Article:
If you spend any time reading rec.sport.disc, you quickly run into Toad Leber. Aptly nicknamed, Toad is widely reviled as one of the greatest trolls on a message board full of trolls. However, if you look through the vitriol, bad language and ad hominem attacks, you will find a genuine and solid foundation to his arguments. Not a foundation I agree with, but one that should be taken seriously and considered carefully.
My purpose here is to look at the ideas, not the man, but an examination of Toad’s career and philosophy will help shed light on the argument itself. The development of his ideology is well documented in Leonardo’s First 40 Years. What is detailed there is no different from the experiences of so many ultimate players. Players begin with a naive sense of Spirit of the Game that assumes all will accept its premise and play fairly. Then, an encounter with a team or individual who cheats, abuses/uses the rules or otherwise violates that naive sense of Spirit of the Game. Finally, a realization that it is possible (even easy) to cheat and get away with it. All ultimate players come to this crossroads. For Toad, this moment came courtesy of his hero, Kenny Dobyns. Ironically, my own denouement was thanks to UNCW and ECU as Carleton floundered to a 1-4 record against them at College Nationals (92-95). For many players, their experiences at this crossroads begets a belief in the Flawed Player, Flawed System theory of SotG. This is the foundation at the heart of Toad’s arguments.
The Flawed Player, Flawed System argument runs like this: in a self-officiated game, it is possible to cheat without penalty. Players are morally flawed and will cheat. Therefore, the system is broken and should be changed to a referee system. Each of these three statements demands a close examination both for their validity and their assumed implications.
The first of these statements does not look deeply enough. It should more accurately say “it is possible to cheat without on-field penalty.” Until you’ve experienced the snub at the tournament party, the muttered disrespect from other players and the awkward silences of your friends and teammates you should be careful about saying that there is no penalty. In a community as small as ultimate’s, these off-field penalties are a powerful force and shouldn’t be underestimated. While I was working on this post, I was reading the Krakken’s article about the differences between ultimate in the States and in Europe and struck by this comparison: “In the Netherlands there is a lot of down time at tournaments where you just hang out and watch games. This time is scarce at American tournaments. Because of all of this, there is less interaction with opponents and more focus on your own team.” Does this increased community time increase the strength of these off-field penalties and with them adherence to SotG? Does this partially help explain why SotG is so much stronger in Club ultimate where everyone knows everyone else, than in College where turnover is so fast? But realistically, there are people who are unmoved by these pressures.
Let’s look at the second statement. Sure, people are flawed. I don’t think is a new idea. But they aren’t flawed all the time. Time and time again in ultimate, you will see players in intense and difficult situations doing the right thing. I’m not talking about the things you notice, like receivers retracting a call made in the heat of the moment. I’m talking about all the catches, throws, d-blocks and goals that pass by without any call or drama. Even when calls are made, it is easy to forget the marker graciously accepting the foul call from the thrower or a handler laughing at a travel call because they know how bad they walked. Even when we notice, we forget these things. If you are trying to evaluate how flawed people are, you can’t look only at the bad.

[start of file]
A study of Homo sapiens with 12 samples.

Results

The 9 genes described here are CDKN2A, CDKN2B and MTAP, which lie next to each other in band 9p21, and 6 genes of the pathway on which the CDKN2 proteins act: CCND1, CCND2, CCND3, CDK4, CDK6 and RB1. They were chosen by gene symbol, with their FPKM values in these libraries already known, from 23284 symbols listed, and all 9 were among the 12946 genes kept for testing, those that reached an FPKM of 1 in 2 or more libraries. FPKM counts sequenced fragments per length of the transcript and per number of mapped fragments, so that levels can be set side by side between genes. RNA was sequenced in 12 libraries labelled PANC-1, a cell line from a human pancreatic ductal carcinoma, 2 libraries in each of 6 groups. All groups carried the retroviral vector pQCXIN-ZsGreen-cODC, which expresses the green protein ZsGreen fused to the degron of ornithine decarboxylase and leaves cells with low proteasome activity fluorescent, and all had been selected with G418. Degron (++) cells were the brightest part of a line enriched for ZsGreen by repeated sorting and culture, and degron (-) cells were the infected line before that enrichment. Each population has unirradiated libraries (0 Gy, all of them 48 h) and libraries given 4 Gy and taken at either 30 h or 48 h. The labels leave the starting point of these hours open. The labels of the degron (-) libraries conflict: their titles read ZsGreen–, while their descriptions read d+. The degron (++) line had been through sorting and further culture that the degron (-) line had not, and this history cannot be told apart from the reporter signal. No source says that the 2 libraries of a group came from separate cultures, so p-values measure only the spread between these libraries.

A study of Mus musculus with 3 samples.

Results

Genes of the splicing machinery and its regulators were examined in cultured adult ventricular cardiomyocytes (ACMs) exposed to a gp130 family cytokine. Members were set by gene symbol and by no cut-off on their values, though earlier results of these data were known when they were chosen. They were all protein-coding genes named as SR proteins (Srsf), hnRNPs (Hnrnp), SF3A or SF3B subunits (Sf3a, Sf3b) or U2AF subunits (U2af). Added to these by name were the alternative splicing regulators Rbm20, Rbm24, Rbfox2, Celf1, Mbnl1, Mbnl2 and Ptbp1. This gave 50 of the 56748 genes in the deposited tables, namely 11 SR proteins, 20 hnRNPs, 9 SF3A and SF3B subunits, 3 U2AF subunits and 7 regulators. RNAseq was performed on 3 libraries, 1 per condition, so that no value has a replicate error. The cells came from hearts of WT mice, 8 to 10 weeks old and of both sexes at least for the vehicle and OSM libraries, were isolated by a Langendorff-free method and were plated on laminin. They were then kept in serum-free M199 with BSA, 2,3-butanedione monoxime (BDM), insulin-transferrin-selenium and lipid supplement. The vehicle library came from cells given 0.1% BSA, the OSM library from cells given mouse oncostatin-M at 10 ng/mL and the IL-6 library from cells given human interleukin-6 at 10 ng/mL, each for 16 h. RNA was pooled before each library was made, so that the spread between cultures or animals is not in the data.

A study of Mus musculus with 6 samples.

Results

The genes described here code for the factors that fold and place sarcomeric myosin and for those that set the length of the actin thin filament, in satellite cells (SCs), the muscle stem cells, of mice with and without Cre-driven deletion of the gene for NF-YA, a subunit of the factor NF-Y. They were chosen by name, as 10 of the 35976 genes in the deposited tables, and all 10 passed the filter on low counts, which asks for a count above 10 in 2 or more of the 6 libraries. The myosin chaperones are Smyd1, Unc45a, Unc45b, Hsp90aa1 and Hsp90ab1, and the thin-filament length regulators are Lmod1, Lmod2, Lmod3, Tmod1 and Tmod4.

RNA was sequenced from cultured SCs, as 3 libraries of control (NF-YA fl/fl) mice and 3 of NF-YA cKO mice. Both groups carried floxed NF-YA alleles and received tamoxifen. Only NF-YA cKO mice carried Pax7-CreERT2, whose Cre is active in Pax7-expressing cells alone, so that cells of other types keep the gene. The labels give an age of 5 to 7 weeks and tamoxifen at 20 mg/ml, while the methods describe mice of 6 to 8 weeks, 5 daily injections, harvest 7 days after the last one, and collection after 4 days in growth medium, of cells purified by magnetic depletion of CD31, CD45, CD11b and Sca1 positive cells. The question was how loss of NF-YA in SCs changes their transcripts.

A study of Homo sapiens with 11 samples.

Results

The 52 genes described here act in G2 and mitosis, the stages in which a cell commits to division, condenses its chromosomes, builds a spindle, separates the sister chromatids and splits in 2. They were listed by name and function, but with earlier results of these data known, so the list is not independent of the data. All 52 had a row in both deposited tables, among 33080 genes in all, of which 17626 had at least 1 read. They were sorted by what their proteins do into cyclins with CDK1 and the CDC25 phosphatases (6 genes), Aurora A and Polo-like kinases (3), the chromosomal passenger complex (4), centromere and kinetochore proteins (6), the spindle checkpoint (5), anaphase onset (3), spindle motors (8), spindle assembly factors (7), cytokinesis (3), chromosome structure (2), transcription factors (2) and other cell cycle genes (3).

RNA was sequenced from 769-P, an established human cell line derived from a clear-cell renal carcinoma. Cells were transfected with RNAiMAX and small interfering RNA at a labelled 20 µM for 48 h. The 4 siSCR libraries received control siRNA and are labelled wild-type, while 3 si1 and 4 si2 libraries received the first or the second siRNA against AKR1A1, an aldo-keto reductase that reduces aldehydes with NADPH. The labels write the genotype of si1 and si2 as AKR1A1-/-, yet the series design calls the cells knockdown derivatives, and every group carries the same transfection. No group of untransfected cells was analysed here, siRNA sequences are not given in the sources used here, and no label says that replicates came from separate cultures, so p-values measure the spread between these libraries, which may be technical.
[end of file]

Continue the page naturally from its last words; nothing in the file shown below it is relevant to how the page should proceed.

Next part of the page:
I’m not sure where to start with the third statement. The leap of logic is amazingly magnificent and unjustified. There are hidden assumptions here that need discussion. The first is the idea that since SotG is flawed, it must be replaced. Refereeing is not a perfect system either. In the Flawed Player, Flawed System argument, there is no attempt to consider the relative benefits and drawbacks of each system. No attempt to weigh each system side-by-side. It is simply, Spirit is flawed and must go. The other hidden assumption is that officiating is the only issue of importance to ultimate and all decisions about officiating should be made within this framework. Growth? Juniors? Image? Community? Legitimacy? These are not small, unimportant details to be brushed aside. The effect of SotG and refereeing on these and other issues is essential to the debate about the future.
To be fair, the initial premises of the Flawed Player, Flawed System theory have real validity. As a critique of SotG, they really get to the heart of the issues. It is possible to cheat. People do cheat. A robust Spirit of the Game would address those issues head on. For the most part, we have avoided those issues, preferring to be reactive rather than proactive. What does proactive mean? What does proactive look like? A final thought, without a home elsewhere in this essay is that the Flawed Player, Flawed System theory can become a self-fulfilling prophecy. In a corrosive cycle, it becomes a rationale and justification for the very behavior it decries.